Friday, September 26, 2008

Poem: Rain Drops Teardrops

I wrote this poem as a metaphore exercise.. see if you can guess what it is a metaphore for :) answer is at the bottom.

The clouds draw nigh with thundering sigh
The people in bed awake
Yet slowly amidst the constant prattle
Of rain, their sleep o’ertakes

But near one open window,
A puddle, still and calm,
Surrounded by a fence and sky
Sings a tranquil, monotonous psalm

The storm passes, to leave disdain
On those who sleep below
And the puddle stares, awake and scared
Till morning starts to show

The remnants of destruction steer
The puddle away from home
Miniscule rivers on miniscule sands
Leave to search and roam

Some join others, and some stay apart
Yet yours reluctantly fall
Fear not, my child, your joy will come
For time will not cease to heal all

Answer: the puddle is the child's eyes; the storm an argument between her parents. The rivers are tears flowing from her eyes.

Wednesday, September 17, 2008

Saddest Moments; Happiest Times

To my little white pony Rambler, who gave me his heart then left with mine

Riding a little white pony has been the dream of many a girl. The lily-white coat, soulful eyes, and dainty hooves that cover many little bedroom doors are more than just a pony. They are a symbol of childhood, of innocence and spontaneity. I was once blessed with one of these perfect symbols. But sometimes, such gifts can only last so long.
My sister and I had been “sharing” a buckskin pony for a couple of years. Of course, I knew Bucky was never really mine. Siblings have an uncanny silent way of deciding things like that when it comes to animals. I still loved the buckskin pony and rode him and cared for him when I was allowed. I took him to shows and lessons. But whenever my sibling rode Bucky or petted him, I knew they had a stronger relationship. That was the kind of relationship I wanted. I wanted a friend in a pony. And I fervently hoped it maybe could be white.
Coming home from school one day, my mom told me of a certain little pony her friend owned. The woman’s daughter had outgrown the pony and had acquired another larger horse to ride. The pony hadn’t been ridden for a while as was apparently a little spitfire, so she was looking for someone to get him back in shape.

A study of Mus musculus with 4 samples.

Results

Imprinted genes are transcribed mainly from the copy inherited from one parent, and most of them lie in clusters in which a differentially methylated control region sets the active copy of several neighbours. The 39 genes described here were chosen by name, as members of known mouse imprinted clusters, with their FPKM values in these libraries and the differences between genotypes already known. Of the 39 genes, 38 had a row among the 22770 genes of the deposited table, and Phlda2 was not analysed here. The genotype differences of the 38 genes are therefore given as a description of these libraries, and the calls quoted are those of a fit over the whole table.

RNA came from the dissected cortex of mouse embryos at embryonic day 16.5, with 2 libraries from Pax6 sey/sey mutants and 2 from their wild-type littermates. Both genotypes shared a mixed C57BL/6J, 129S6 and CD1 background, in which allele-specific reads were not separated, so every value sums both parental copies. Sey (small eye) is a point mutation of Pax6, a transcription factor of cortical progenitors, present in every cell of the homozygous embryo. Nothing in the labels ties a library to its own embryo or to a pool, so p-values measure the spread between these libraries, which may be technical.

My mom said yes.
I knew I wouldn’t really own the pony, but I was still excited when I ran to meet the fuzzy white creature. My mom had said his name was Rambler. He stared at me with brown eyes and little white ears pricked with curiosity when my feet dragged me closer. His hide was stained with mud, but the unnatural beauty of creation still permeated around him. “Rambler,” I whispered. He held his regal head high, and then returned to munching the delicious grass.
Rambler and I formed that special bond over the next few years as we competed. His heart and mine started growing together. We borrowed confidence from one another, and love and hope. I trusted him and he carried me, whether with a saddle and bridle or neither. Of course I fell. We both messed up. But my worst mistake was starting to forget he wasn’t mine.
The owner had decided she needed to sell Rambler. I ignored the Pony for Sale! flyers we took to horse shows and feigned interest when people came to look at him. Rambler was mine whether I owned him or not. One day, Rambler’s owner called and said that someone in Maine wanted to buy him. I felt my eyes grow big and my forehead crease. Maine was very far away from North Carolina, too far away. I had never imagined that Rambler would go to another state. In the times that my tears reminded me he was going to be sold, I had placated myself knowing I would be able to visit him and run my fingers through his fluffy mane at least once in a while. If Rambler went to Maine, I would never see him again. It would be like he died.
The next couple of weeks went by too fast. I took pictures with my best friend, my pony. I climbed on his silky back and weaved my fingers in his mane often, just sitting out in that green pasture under a blue sky. But more than anything, I cried. It was hard to concentrate on schoolwork and sleep, when our merged hearts were slowly being pulled apart. I don’t know if Rambler would have cried if he had been able. Sometimes I wonder if animals get as much out of relationships as humans do. He always seemed happy; his bright, curious eyes level with mine when I shed my tears. But then he would nicker and rub his muzzle against my cheek, trying to wipe away whatever sadness lay there. His strong heart was ready for whatever came; mine was not.
The night that Rambler was going to leave, I had to go to bed early. It didn’t make sense to me; I would have thought my parents would know I would not be able to sleep. I stayed next to my white pony as long as I could. My hand slid down his neck over and over. I walked next to him around the pasture as he grazed. I finally closed my eyes, let my head drop on his shoulder, and squeezed my heart out through my eyes. Holding the tears back while I left him was hard enough as I passed my mom and went into the house. Rambler would leave at one o’clock in the morning and it was only nine. I left my room and ran toward my parents’, where I could see Rambler through a window. I hadn’t run out of tears quite yet as I peeked through the blinds and stared at my pony. He stomped and twitched, shaking off the flies. He was so normal, but so perfect. I never deserved him anyway, I thought when I returned to my room and curled under my quilt.

Rambler left that night to make his way into the heart of another little girl. His genteel but spunky spirit and angelic little face brought many kisses, pats, and hugs. I still have a bit of his tail saved in a little plastic bag, and still hope I might see him again, though it has been many years. But even if his silken body has fallen and his dark eyes have closed, I will always remember my little white pony; my friend.